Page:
As Virginia Governor Ralph Northam faces increasing pressure to resign over a racist photograph from his 1984 medical school yearbook, the man who would take his place -- Lt. Governor Justin Fairfax -- is responding to accusations of his own.
The allegation involves an unsubstantiated claim of sexual assault against Fairfax during the Democratic National Convention in 2004. The claim was posted Sunday night on the same website that first published the racist photo from Gov. Northam's yearbook.
Fairfax told reporters Monday that the 2004 encounter with a woman was consensual and he called the accusation of misconduct "a smear."
The Washington Post, as well as our sister station WUSA9 in Washington D.C., have known about the claim for months, but were not able to corroborate the allegations.
“Lt. Governor Fairfax has an outstanding and well-earned reputation for treating people with dignity and respect,” read the statement released on Twitter.
“He has never assaulted anyone – ever – in any way, shape or form.”
A post on the conservative website Big League Politics went live just as the Super Bowl ended late Sunday. Allies of the likely heir apparent to embattled Gov. Northam called the development a clear smear tactic, as Fairfax's profile rises.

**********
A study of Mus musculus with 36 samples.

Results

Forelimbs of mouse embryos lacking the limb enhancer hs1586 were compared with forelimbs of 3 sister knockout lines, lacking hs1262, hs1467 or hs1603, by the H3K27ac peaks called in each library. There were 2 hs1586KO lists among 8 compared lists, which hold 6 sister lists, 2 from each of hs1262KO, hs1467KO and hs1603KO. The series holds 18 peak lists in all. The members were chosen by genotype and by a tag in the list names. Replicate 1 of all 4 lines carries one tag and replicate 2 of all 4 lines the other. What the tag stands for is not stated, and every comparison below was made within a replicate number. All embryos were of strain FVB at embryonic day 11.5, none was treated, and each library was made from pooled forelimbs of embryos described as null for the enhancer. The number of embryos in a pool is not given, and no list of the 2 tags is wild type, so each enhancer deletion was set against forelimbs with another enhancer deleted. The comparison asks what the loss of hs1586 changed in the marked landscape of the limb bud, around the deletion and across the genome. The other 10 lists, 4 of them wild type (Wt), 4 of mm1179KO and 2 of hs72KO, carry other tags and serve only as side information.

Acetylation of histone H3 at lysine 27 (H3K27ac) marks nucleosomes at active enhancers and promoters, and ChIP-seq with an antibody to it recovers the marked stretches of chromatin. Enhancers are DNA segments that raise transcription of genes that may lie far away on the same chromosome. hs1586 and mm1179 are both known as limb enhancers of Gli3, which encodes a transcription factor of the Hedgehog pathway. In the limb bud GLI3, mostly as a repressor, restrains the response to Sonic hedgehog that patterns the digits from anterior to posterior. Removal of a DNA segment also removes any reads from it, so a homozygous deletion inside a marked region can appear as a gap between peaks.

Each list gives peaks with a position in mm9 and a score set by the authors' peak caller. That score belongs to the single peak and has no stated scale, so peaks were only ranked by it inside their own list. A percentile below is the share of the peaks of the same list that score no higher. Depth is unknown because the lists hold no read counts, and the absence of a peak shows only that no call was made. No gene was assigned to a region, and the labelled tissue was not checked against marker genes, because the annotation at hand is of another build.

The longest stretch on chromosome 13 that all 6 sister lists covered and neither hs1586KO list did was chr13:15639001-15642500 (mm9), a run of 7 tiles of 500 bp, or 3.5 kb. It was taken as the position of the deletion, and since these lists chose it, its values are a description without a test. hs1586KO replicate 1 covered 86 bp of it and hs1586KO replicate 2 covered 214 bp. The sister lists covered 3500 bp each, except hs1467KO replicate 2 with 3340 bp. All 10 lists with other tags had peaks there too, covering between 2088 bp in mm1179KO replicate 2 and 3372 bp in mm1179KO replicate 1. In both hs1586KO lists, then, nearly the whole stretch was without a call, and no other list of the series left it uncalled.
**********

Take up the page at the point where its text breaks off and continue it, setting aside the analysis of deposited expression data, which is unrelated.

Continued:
"This is part of the sad and dark politics that the Lt. Governor has dedicated himself to helping Virginia and the nation rise above," the overnight statement read.
"The Lt. Governor will take appropriate legal action against those attempting to spread this defamatory and false allegation."
WUSA9 is refraining from publishing further details of the claim, as key elements have not been able to be verified. Broad outlines of the claim are only being published after Fairfax's office released an official statement now in public view.
The Washington Post said Monday that it was approached by the woman in 2017, carefully investigated, but never published the accusation.
The Post said the woman had not told anyone about it, the account could not be corroborated, Fairfax denied it and the Post was unable to find other allegations against him.
The development unfolded hours before Northam is scheduled to hold a meeting with top staff members in Richmond, when a possible resignation will be discussed.
Five officials with direct knowledge of the continuing deliberations said state lawmakers will hold off on removing Northam through untested mechanisms in Virginia's constitution, in order to avoid escalating tensions.
Thirty-nine-year-old Justin Fairfax could become Virginia's second African-American governor is Gov. Northam steps aside. The first was Douglas Wilder, who served from 1990 to 1994.
Fairfax is best known in Virginia for excusing himself from the Senate chamber during tributes offered to Confederate generals Robert E. Lee and Stonewall Jackson on the state's Lee-Jackson Day.
WUSA9 in Washington D.C. and The Associated Press contributed to this report.